Brightsurf Science News & Current Events

June 05, 2001
USGS finds mixing between California spotted owls and northern spotted owls
Findings published in June's edition of the journal Conservation Genetics indicate that a significant zone of genetic mixing is occurring between northern spotted owls and California spotted owls, particularly in extreme northern California and southern Oregon.

Star factory near galactic center bathed in high-energy X-rays
Near the crowded core of the Milky Way galaxy, where stars shine so brightly and plentifully that planets there would never experience nighttime, astronomers have found a new phenomenon: a cauldron of 60-million-degree gas enveloping a cluster of young stars.

Internet often a land of missed opportunity for tourism bureaus
Tourism is the largest industry in the world, and the largest seller of products and services through the Internet, says Daniel Fesenmaier, director of the National Laboratory for Tourism and eCommerce at the University of Illinois.

Farmers flock to block burps
Australian farmers are signing up their sheep and cattle in droves to take part in a proposed methane vaccine program offered by CSIRO Livestock Industries, a division of Australia's national science agency.

Women's health on wheels
On July 13, an 18-wheeler will leave Maryland, bound for the Navajo Indian Reservation in Arizona.

Johns Hopkins Working Group on Civilian Biodefense warns tularemia-rabbit fever-could be bioweapon threat
The Working Group on Civilian Biodefense, an expert panel convened by the Center for Civilian Biodefense Studies at the Johns Hopkins University Bloomberg School of Public Health, says the disease tularemia--also known as rabbit fever--could pose serious consequences if used as a biological weapon.

Lifesaving treatment often not administered to elderly with colon cancer
The use of potentially curative chemotherapy following surgery for stage III colon cancer declines precipitously with patients' advancing age.

Microphone array necklace aids the deaf in discerning speech
Stanford electrical engineering Professor Bernard Widrow demonstrated the Directional HEaring ARray (D-HEAR) June 5 and 6 at a Chicago meeting of the Acoustical Society of America, at which he delivered the society`s distinguished lecture.

Newly available tool makes the Web search a graphic experience
The campus that produced Mosaic, the graphical browser that helped produce the explosive growth of the World Wide Web, now has a graphical solution for searching the Web's vast resources.

Scripps scientists, diving officer receive honors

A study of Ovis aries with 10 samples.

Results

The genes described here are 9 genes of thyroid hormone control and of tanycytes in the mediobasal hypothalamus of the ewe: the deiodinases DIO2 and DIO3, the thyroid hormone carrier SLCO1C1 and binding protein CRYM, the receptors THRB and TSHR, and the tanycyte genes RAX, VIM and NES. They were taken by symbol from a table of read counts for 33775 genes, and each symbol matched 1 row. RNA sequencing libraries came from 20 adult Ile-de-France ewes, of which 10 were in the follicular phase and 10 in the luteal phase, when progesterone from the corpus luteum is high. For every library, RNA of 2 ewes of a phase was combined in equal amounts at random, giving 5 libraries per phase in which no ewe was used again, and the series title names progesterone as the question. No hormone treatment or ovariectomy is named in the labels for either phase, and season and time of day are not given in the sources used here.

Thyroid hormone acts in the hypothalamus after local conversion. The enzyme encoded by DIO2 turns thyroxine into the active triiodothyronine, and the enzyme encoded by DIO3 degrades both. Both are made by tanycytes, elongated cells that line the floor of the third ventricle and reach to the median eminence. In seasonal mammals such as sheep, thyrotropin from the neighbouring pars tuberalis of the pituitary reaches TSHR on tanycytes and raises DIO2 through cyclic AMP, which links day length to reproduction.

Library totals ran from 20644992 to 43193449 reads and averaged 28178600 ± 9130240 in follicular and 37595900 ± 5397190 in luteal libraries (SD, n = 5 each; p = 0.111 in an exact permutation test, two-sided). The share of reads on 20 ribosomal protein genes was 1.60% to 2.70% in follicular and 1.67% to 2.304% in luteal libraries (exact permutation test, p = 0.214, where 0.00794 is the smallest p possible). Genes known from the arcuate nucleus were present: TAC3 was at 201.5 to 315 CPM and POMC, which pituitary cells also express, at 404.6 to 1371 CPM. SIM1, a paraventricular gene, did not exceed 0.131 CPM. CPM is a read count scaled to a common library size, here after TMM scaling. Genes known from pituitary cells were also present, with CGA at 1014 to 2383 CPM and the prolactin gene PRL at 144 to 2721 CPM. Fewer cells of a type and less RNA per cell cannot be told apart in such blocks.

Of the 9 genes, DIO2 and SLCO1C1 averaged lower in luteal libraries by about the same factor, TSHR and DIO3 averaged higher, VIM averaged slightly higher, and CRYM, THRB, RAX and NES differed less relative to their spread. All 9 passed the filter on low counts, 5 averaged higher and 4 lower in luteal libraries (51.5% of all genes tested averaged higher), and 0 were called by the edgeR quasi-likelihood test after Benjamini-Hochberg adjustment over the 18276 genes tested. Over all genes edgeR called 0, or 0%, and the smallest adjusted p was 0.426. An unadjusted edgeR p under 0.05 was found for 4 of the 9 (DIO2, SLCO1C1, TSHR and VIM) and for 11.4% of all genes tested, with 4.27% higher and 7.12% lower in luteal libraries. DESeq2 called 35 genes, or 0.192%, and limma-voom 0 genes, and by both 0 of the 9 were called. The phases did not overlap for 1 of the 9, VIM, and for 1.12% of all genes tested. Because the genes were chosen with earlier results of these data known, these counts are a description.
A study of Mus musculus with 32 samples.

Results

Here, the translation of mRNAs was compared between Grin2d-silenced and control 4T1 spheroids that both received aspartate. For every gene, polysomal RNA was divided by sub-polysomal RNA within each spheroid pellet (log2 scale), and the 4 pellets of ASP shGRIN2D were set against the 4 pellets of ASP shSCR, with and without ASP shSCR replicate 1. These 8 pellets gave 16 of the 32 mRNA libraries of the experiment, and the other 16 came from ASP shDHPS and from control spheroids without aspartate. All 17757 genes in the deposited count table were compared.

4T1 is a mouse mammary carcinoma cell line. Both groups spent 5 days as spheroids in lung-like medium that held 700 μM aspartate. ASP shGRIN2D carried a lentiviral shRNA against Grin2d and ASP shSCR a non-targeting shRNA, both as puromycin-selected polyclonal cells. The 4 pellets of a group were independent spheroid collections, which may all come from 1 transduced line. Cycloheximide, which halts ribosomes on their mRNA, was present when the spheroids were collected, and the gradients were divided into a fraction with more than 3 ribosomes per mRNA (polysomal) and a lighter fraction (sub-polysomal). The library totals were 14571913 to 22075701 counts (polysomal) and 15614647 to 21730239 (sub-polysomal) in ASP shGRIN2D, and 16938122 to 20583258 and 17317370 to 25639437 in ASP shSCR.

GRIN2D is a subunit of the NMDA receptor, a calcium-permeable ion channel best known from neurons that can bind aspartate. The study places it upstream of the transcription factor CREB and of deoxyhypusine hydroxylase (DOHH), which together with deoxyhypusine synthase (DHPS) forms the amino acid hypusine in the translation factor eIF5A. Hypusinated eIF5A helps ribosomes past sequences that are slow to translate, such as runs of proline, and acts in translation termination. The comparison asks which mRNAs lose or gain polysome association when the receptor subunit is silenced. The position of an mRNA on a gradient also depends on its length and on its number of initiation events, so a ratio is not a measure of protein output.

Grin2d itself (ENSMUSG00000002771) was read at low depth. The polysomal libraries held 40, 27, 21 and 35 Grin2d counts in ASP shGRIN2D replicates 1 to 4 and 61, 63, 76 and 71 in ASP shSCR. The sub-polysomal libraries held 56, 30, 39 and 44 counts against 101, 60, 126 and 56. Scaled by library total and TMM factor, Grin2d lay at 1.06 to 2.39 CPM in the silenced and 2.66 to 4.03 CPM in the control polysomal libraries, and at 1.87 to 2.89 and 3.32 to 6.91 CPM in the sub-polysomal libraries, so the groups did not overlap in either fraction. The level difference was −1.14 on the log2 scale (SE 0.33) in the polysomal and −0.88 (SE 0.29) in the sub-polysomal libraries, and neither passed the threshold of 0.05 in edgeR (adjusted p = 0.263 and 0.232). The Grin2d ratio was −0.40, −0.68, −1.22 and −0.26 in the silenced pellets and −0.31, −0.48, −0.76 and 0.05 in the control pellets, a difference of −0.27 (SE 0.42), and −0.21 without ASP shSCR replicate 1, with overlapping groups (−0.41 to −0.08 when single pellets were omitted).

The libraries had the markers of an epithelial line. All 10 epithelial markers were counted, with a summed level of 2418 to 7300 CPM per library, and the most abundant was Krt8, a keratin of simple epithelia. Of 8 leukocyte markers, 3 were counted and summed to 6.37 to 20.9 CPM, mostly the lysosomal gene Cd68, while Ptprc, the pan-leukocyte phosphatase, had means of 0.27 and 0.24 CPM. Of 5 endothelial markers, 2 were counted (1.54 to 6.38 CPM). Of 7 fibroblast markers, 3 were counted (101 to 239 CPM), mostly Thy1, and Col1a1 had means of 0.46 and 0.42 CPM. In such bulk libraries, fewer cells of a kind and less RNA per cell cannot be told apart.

Three scientists and a diving officer with Scripps Institution of Oceanography at the University of California, San Diego, recently received distinguished honors from a variety of organizations.

Toxic compound opens potentially important cell gates
A compound previously noted mainly for its role in disease and the self-destruction of sick cells is more than just a jobless, toxic transient in healthy cells, researchers have found.

Colourful e-paper
It will soon be possible to surf the Web on colourful sheets of electronic paper.

Researchers develop white wine with health benefits similar to red
Researchers in Israel say they have developed a method to boost the antioxidant content of white wine so that it has health benefits similar to red wine, considered the healthiest of all wines due to its reputed ability to fight heart disease.

Williams College solar expedition
On June 21 a band of total darkness will travel across southern Africa and Madagascar.

Thanks to a new artifical disc, 41-year-old triathlete retains mobility after back surgery at Cedars-Sinai's Institute for Spinal Disorders
For patients with back problems, a new, experimental artificial disc currently being tested at Cedars-Sinai Medical Center and nine other centers nationwide, may prove a viable alternative to disc fusion surgery, especially for young, active patients.

Heavy consumption of tainted fish curbs adult learning and memory
PCB-laden fish from Lake Michigan affect not only young children but also adults over age 49, researchers say.

Nowhere to hide
Your lips are sealed - you're saying nothing. Too late, your

Sandia supercomputer program released to public
Computer program that enables a collection of off-the-shelf desktop computers to rank among the world's fastest supercomputers was released to the public by Sandia National Laboratories.

Age-based cancer screening guidelines not sophisticated enough for most elderly, SFVAMC paper argues
Cancer screening guidelines that recommend a test based on age are too simplistic, argues a new study from the San Francisco Veterans Affairs Medical Center.

New drug-resistant HIV strain can escape detection
A new study presented today at the 5th International Workshop on HIV Resistance and Treatment Strategies shows that a mutation in the genetic code of HIV (the virus that causes AIDS) cannot be detected by most resistance tests and can cause high levels of resistance to one of the three classes of HIV drugs.

Enzyme therapy shown effective and safe for Fabry disease
Enzyme replacement therapy effectively and safely reduces neuropathic pain in patients with Fabry disease, corrects the metabolic defect in patients' cells, and improves their heart and kidney functions, a new study shows.

Antibiotics for asthma
If bugs really do cause asthma, it might be possible to develop a vaccine that prevents it.